This is MORNING EDITION from NPR News. I'm Renee Montagne.


And I'm Steve Inskeep. Good morning. In Italy the papacy is officially vacant. The Vatican is now under the control of the cardinals who will elect a new leader of the Catholic Church. Yesterday Pope Benedict XVI gave up his ring, his cape and red papal shoes to become Pope Emeritus. Cokie Roberts was there, joins us from Rome. Hi, Cokie.


INSKEEP: What was it like being there in Rome on that day that has not happened in centuries, Cokie?

ROBERTS: It was really remarkable. I find myself saying the words Vatican and brand-new in the same sentence and that doesn't happen very often. But the pope came out of the palace. The entire household was there, and of course everybody in sort of festive dress. He gets in this helicopter, this modern thing, and of course he is a helicopter pilot himself but he didn't fly it.

And then does these circles of Saint Peter's and of the city. So you know, it was really kind of looking at his diocese and then leaving, going to the beautiful Castel Gondalfo up in the mountains. Just a gorgeous, gorgeous site. And as he left, the sun set behind St. Peter's. So it was really a dramatic, dramatic moment.

And then later in the evening we saw the Swiss Guard closing the door at Castel Gondalfo, the summer residence, right at 8:00, the moment when his papacy ended. And then leaving, because they would no longer guard him because he was no longer pope.

INSKEEP: OK. So that was outside choreography. Then there's the interior choreography of arranging for a new pope. What happens next?

ROBERTS: Well, the cardinals will meet officially on Monday. And they are really very puzzled, Steve. You know, when John Paul was dying, for a long period of time they had a lot of opportunity to think about the next pope. And at that point there were really two candidates - Joseph Ratzinger, who became pope, and not Joseph Ratzinger.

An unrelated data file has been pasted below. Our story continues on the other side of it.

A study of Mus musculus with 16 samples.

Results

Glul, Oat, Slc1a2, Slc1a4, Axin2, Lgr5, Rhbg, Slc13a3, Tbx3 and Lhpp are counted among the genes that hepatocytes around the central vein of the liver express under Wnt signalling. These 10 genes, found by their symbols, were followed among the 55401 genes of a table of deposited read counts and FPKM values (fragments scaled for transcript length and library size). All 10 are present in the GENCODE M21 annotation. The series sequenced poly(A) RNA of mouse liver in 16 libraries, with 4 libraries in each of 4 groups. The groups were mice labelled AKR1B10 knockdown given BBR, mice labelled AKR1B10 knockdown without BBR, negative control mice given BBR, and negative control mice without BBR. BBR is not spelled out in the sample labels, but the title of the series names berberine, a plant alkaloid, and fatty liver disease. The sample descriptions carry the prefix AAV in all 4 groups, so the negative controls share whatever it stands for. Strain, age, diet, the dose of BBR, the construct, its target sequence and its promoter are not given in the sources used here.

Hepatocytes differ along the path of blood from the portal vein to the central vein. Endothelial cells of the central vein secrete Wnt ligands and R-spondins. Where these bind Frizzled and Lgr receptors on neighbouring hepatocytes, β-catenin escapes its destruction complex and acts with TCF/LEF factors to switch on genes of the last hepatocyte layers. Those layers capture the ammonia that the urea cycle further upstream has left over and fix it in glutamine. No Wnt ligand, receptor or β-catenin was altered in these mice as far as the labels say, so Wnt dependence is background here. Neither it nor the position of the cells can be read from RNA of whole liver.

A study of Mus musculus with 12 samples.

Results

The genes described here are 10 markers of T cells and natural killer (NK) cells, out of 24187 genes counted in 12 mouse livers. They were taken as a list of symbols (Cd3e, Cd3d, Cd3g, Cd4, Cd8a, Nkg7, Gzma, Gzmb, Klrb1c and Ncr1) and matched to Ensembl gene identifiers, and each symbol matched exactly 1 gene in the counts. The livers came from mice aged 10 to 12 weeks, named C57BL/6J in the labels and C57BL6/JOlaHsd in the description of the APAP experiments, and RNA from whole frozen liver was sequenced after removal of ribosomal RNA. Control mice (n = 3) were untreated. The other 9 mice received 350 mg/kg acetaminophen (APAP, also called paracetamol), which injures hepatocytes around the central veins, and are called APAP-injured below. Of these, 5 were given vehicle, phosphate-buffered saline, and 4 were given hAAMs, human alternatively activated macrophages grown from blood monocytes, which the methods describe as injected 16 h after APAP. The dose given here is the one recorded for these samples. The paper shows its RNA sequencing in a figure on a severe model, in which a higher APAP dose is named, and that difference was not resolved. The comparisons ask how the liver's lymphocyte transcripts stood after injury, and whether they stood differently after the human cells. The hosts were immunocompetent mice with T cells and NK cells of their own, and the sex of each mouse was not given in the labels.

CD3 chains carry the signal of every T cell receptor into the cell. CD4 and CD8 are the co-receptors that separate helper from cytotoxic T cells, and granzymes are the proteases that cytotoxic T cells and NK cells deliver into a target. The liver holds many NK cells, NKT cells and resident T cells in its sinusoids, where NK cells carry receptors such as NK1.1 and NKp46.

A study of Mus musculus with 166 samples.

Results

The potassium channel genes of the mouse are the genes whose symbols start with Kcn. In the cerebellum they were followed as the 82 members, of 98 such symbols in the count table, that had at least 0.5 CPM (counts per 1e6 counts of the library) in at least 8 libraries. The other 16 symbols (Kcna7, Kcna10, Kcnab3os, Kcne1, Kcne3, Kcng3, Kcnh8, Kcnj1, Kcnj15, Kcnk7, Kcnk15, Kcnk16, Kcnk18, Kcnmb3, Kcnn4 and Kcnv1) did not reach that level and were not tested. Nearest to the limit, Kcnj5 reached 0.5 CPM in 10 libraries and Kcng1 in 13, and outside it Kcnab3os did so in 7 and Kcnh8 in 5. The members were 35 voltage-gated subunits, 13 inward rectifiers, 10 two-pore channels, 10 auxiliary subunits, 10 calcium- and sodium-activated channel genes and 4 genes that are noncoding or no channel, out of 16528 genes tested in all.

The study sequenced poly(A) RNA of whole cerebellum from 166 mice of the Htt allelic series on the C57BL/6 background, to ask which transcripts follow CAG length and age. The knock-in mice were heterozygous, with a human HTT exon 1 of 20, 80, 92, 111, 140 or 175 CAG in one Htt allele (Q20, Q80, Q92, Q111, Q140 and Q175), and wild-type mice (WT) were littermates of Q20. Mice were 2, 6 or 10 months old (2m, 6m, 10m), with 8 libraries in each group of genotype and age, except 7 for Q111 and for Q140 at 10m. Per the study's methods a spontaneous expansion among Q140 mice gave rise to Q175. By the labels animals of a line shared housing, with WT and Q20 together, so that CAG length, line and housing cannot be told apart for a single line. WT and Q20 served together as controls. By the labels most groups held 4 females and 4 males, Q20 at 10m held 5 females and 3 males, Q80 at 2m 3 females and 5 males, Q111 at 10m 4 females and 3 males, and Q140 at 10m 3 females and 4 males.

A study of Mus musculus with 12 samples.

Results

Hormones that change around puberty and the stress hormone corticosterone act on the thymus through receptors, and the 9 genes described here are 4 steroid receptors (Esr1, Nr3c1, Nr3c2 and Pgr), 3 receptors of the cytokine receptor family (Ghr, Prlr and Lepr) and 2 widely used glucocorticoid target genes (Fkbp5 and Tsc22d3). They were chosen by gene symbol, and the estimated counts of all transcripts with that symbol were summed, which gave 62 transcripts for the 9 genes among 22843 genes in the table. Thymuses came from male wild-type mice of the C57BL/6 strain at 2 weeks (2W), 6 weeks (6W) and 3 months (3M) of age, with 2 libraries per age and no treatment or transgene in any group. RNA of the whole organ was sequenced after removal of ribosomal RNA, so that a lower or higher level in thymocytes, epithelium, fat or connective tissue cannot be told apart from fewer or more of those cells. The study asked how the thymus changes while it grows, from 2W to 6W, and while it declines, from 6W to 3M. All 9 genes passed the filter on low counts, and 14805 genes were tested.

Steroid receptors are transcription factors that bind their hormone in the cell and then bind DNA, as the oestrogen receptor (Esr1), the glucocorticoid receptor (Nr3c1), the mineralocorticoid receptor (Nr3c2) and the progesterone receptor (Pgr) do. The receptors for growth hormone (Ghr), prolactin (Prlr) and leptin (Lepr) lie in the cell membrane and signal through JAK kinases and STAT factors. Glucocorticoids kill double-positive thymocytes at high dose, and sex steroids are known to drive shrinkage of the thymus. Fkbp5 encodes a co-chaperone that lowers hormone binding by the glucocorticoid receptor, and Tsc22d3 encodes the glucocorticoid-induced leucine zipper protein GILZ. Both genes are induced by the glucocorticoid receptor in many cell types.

But this time there is no obvious person. And so they are really quite puzzled. And 57 percent of them were appointed by Benedict. So they've never been in a conclave before. So what they're telling me is that they really need to meet. They need to get to know each other. They need to get to understand the rules of the conclave. And they need to get to know some of who might be the people who could be pope.

They really are in a process of learning right now.

INSKEEP: Some people are wondering if they'll be listening to Benedict.

ROBERTS: Well, he says absolutely not. And he couldn't have been clearer on that over the last couple of days. Very clear that he will be praying and that will be his role for them. But the truth is, is what they are curious about is who they can choose who will have absolutely no scandal connected to him.

I mean they have had enough with that. And so that's going to require some vetting. As they start to think about certain names, they're going to want to know more about that guy. And as they start asking around, I think we'll start getting a few leaks.

INSKEEP: What does this process mean for the American Catholic Church, Cokie?

ROBERTS: Well, they talk about wanting someone who can communicate, and part of that does have to do with communicating with American Catholics who have not been feeling positive toward the hierarchy and have not agreed on some key issues like married priests or women in the priesthood. Americans should not look for any changes in doctrine but they might find a pope who is more open to the new world.

INSKEEP: That's Cokie Roberts speaking to us from Rome as we await the selection of a new pope. Cokie, thanks very much.

ROBERTS: Thank you, Steve. Transcript provided by NPR, Copyright NPR.

Steve Inskeep
Steve Inskeep is a host of NPR's Morning Edition, as well as NPR's morning news podcast Up First.
Cokie Roberts was one of the 'Founding Mothers' of NPR who helped make that network one of the premier sources of news and information in this country. She served as a congressional correspondent at NPR for more than 10 years and later appeared as a commentator on Morning Edition. In addition to her work for NPR, Roberts was a political commentator for ABC News, providing analysis for all network news programming.